For parents having issues with your kids facing addictive or inappropriate content on YouTube, we have some advice for you
I love YouTube. Whenever I need to learn how to fix something or want to learn to make something new in the kitchen, I turn to its endless videos.
As a parent of young kids, I was resigned to the eventuality of YouTube in my children’s lives. When my child started watching sports and nature videos, it all seemed pretty innocuous. Then, during the first lockdown of the Covid-19 pandemic in March, my kids discovered Minecraft gaming videos -- and their use patterns changed in an instant.
Soon, they were glued to YouTube for hours at a time. I was okay with it. I was trying to keep my head above water at work with three kids at home. And when they were on YouTube, they weren’t fighting. But, soon, they couldn’t stop. When I would suggest other activities, they became angry and lashed out. They bugged me endlessly about getting back on YouTube.
I tried setting limits, but my will was no match for the lure of YouTube. So to end the pain, I blocked it. After a couple of days, the kids forgot about the gaming videos. We still had some issues around device dependence, but for the most part they were ready to put the screens down when it was time.
Fast forward to September. Our children “returned to school,” from home. The school district was able to provide each student with a school issued iPad or Chromebook. We took them home and a few days into distance learning, things seemed to be going pretty well. My second and fourth graders were adjusting and they seemed to be able to handle all the time online. So imagine my surprise when I came behind them one afternoon in the first week of school and there on the screen is my arch internet nemesis, “Unspeakable Gaming.”
And when I dug a little further, I found this:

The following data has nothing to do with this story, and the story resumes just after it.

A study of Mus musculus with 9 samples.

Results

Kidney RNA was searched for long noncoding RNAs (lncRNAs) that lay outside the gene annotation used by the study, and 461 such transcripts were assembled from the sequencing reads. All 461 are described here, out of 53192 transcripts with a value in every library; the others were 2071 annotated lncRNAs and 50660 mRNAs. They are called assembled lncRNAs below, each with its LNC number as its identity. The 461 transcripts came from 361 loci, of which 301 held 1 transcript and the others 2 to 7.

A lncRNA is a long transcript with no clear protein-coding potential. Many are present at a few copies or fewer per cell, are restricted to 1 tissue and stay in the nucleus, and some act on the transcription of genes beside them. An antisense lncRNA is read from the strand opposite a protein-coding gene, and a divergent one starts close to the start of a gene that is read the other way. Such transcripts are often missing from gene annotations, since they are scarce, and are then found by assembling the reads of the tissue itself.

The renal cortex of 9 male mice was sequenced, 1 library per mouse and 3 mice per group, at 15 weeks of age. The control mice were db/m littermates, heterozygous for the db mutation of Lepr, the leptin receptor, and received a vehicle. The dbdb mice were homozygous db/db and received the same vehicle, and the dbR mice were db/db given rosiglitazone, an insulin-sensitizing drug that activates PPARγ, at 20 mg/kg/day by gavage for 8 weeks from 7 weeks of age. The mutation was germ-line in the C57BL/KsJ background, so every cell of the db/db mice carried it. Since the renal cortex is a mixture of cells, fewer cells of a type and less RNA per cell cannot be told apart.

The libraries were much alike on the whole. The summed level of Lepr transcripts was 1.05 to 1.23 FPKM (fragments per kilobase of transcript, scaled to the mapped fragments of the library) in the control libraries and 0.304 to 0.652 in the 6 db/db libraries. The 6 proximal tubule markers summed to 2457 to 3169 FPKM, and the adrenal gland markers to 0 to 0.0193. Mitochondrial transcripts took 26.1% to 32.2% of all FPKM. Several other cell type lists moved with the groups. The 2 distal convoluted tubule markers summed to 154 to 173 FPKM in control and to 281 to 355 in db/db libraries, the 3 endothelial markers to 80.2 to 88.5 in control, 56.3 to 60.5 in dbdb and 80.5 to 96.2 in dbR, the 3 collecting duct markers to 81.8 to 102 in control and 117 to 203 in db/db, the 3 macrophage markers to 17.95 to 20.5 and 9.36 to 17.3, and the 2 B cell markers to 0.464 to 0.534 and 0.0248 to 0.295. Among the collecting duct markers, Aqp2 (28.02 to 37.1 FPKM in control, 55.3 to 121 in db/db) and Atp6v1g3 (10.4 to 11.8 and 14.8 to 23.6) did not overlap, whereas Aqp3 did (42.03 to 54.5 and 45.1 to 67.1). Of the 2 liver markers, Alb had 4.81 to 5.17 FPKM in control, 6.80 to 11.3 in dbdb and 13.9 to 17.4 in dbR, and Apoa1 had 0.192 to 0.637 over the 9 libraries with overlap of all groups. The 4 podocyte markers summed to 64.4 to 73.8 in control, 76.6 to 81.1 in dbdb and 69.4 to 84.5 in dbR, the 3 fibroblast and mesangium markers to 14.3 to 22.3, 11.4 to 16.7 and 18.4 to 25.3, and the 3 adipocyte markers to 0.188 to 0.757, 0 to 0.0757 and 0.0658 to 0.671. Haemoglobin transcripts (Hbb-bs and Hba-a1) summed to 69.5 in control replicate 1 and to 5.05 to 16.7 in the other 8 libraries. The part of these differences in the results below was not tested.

...on my seven-year-old’s school-issued Chromebook.
My first reaction was shock. I was surprised the school district hadn’t locked YouTube down, so I went to try to restrict it myself. But after playing around with the school- issued device for a few minutes, I realized I couldn’t even adjust the settings much let alone set content controls.
More than 8 million kids are going back to school this season on Chromebooks, the most popular device for cash-strapped school districts. And while most school districts are exerting some level of control over those devices, there’s no standard everyone is following. In some instances, that control is shared between the district and the parents. In others, the matter is a bit more complicated.
Regardless of your situation, here are some things you can do to take control over new devices in your home.
If your children received a school-issued device, you may have a lot of control or a little. Here’s how to find out which it is.
First, are the native controls in the operating system -- like iOS Screen Time -- available to you? Depending on your device’s operating system, you may be able to take a lot of control over content and apps right there.
If the device settings aren’t sufficient, see if you’re able to install your own parental control software on the machine. There are a lot of solutions out there that offer differing levels of control, depending on what kind of device it is. Look for software from a reputable vendor, and be on the lookout for stalkerware apps that market themselves as parental controls. Don’t seek to hide the parental control app from your children, but rather talk about the parameters you are setting for them and why.
If you can’t control the device, don’t despair! You still have options, the best of which is setting parental controls on your home network. In order to do that, you need to make some changes to your router, which is where the internet comes into your home and is turned into a Wi-Fi signal. Like the door to your home network, the router is another point where you can set boundaries for what a phone or tablet can do on the internet.
You can use a hardware solution that plugs into your router (we humbly suggest Avast Omni) to monitor your network, alert you about any connected devices, and allow you to place limits on what those devices can do on your network. In some instances, the controls are quite granular, allowing you to block specific sites and services and turn them on and off at certain times of day.
If the two options above don’t work, then it’s time to figure out how to work with your school or district IT team to come up with a solution together. In his book 1-to-1 at Home: A Parent’s Guide to School-Issued Laptops and Tablets, psychotherapist Jason Brand suggests that in a learning environment where your child has a dedicated device, the school and parents need to have a shared control structure. Parents may want to control access and content to the device outside of school hours. Depending on the solution your school or district has adopted, there may also be apps, services, or network restrictions they can put in place on their end to help you control.